Latvia’s economic crisis erased more than one-fifth of the country’s economic output, depressed incomes and put more people at risk of poverty, the International Monetary Fund said Tuesday, adding that the nation needs to work quickly to repair its social safety net.
The Baltic country, which ended its lending program from the IMF and European Commission in December, passed spending cuts and tax increases equal to about 15 percent of economic output after turning to a group led by the fund and the commission for a $9.8 billion loan in 2008. The government raised the value-added tax and cut the non-taxable minimum income limit as part of measures to forgo progressive income taxes and higher real-estate levies.
“Average real income per capita declined by about 19 percent, and the share of the population at risk of poverty increased by 1.4 percentage points,” the fund said in its fifth and final staff review of the Latvian economy. “Income inequality deepened — the richest 20 percent of the population earn seven times more than the bottom 20 percent — and is now one of the highest in the” European Union.
With measures taken to bolster the social safety net during the crisis set to expire, the fund said, “Latvia needs a comprehensive reform of the social safety system to improve incentives to work and help address poverty.”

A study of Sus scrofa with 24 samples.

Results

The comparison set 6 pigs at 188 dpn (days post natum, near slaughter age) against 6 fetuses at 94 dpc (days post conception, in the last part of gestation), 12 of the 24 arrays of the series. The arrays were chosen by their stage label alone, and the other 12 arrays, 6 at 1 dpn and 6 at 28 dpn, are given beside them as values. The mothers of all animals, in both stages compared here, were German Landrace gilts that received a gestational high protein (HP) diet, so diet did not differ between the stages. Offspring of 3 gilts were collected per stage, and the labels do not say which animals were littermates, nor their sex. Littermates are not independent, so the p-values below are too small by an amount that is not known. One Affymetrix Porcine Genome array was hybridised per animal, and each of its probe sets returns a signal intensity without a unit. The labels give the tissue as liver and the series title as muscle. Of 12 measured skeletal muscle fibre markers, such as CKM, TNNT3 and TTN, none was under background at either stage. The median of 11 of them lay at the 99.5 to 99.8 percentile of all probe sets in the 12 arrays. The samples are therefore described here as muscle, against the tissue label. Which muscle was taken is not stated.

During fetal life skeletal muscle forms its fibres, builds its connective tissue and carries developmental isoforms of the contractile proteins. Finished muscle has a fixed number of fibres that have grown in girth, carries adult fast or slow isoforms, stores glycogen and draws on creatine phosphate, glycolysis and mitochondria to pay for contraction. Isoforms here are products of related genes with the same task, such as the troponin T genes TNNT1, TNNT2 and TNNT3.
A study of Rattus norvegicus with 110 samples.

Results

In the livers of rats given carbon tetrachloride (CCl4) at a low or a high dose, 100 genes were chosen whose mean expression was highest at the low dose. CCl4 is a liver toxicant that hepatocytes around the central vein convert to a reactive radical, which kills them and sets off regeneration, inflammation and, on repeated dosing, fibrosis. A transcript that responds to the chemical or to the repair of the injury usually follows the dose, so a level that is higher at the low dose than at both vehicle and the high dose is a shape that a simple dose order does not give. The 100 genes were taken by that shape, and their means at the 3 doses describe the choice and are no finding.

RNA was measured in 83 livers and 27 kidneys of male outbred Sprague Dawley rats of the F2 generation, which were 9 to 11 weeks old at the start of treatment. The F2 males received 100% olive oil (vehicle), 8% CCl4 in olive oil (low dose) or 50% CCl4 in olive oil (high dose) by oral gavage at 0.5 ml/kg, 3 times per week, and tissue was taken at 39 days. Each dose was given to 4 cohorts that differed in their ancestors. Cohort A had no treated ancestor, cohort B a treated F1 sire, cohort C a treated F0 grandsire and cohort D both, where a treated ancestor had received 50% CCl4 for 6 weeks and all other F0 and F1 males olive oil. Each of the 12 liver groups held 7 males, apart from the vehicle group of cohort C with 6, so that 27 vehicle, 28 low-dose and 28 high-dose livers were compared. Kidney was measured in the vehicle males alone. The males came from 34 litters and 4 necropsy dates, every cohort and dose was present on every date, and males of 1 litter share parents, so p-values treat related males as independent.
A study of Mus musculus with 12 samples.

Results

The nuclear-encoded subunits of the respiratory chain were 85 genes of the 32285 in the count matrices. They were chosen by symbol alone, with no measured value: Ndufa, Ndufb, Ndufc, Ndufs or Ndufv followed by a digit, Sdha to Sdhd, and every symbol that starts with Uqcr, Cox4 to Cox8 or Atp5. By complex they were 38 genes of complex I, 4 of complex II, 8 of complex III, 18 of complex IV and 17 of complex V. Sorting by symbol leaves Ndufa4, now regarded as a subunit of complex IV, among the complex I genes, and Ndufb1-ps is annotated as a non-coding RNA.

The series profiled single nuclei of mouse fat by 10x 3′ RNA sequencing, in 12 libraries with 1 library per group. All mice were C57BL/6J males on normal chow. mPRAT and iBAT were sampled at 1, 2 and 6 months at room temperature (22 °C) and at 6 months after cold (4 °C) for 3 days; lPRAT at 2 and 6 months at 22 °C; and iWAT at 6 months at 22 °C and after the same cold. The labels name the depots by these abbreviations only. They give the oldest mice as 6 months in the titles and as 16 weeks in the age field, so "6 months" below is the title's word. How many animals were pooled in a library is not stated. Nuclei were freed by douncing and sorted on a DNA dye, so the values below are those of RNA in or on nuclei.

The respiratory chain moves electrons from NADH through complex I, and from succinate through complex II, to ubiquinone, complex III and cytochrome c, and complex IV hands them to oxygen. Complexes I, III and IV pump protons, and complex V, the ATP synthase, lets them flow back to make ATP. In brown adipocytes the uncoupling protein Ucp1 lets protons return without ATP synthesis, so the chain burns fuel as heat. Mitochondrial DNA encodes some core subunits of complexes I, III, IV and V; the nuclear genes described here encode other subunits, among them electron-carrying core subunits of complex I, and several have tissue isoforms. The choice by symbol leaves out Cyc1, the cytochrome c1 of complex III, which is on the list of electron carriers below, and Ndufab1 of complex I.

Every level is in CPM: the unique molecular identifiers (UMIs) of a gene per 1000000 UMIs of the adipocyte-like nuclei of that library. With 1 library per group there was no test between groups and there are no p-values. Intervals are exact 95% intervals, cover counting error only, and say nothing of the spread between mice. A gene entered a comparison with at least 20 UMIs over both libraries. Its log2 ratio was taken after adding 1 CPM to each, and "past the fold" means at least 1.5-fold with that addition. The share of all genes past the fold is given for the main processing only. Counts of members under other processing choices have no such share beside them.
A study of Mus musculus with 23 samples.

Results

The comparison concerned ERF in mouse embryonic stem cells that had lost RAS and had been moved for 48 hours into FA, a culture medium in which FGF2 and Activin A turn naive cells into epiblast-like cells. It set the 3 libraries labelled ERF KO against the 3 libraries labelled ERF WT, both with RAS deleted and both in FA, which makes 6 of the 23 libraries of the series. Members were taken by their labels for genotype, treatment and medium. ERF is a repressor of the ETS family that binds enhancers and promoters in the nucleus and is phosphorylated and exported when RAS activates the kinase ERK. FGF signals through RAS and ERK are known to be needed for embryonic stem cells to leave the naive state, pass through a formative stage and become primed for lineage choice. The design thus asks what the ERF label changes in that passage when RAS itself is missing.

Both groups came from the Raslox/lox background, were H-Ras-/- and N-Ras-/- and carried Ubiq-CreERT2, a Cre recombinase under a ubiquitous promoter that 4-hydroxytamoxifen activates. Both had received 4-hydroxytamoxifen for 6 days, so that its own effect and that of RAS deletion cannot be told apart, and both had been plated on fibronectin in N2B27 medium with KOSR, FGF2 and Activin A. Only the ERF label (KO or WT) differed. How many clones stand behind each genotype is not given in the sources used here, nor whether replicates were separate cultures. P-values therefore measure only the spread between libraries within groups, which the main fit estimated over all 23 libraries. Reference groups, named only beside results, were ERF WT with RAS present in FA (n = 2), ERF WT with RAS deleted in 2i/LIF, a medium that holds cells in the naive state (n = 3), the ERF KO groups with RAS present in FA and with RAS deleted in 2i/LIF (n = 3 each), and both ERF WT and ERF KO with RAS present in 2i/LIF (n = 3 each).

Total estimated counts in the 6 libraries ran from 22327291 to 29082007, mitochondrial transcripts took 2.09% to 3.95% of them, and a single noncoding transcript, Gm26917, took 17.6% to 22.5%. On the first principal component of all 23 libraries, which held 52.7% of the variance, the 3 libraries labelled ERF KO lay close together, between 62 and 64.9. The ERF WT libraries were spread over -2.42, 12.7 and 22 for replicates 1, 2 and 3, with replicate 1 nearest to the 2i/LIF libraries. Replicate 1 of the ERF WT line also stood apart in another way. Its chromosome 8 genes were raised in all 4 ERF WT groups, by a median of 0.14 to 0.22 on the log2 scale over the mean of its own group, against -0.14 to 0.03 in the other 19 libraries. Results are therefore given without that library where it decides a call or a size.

Recipients of the government’s guaranteed minimum monthly income — $75.49 for adults — can lose those benefits should their own income rise above that threshold. Recipients of a housing allowance can lose the benefit should their income rise to about $285 a month, the fund said.
Latvian unemployment, which quadrupled during the crisis and peaked at about 20 percent, fell to 14.4 percent in the third quarter, according to a labor force survey. The jobless rate could continue to hover around 15 percent as the turmoil in the euro area slows growth, according to the IMF.
The report said high labor taxes are hurting job growth, which is prompting Latvians to leave the country to find work elsewhere at a quicker pace than official data suggest, the fund said.
“We would like to encourage the government to think of ways to make the safety net permanent, but in such a way that avoids ‘poverty traps,’ that is, so that the system does not penalize people if they go back to work,” Mark Griffiths, the IMF’s mission chief to Latvia, said in the survey.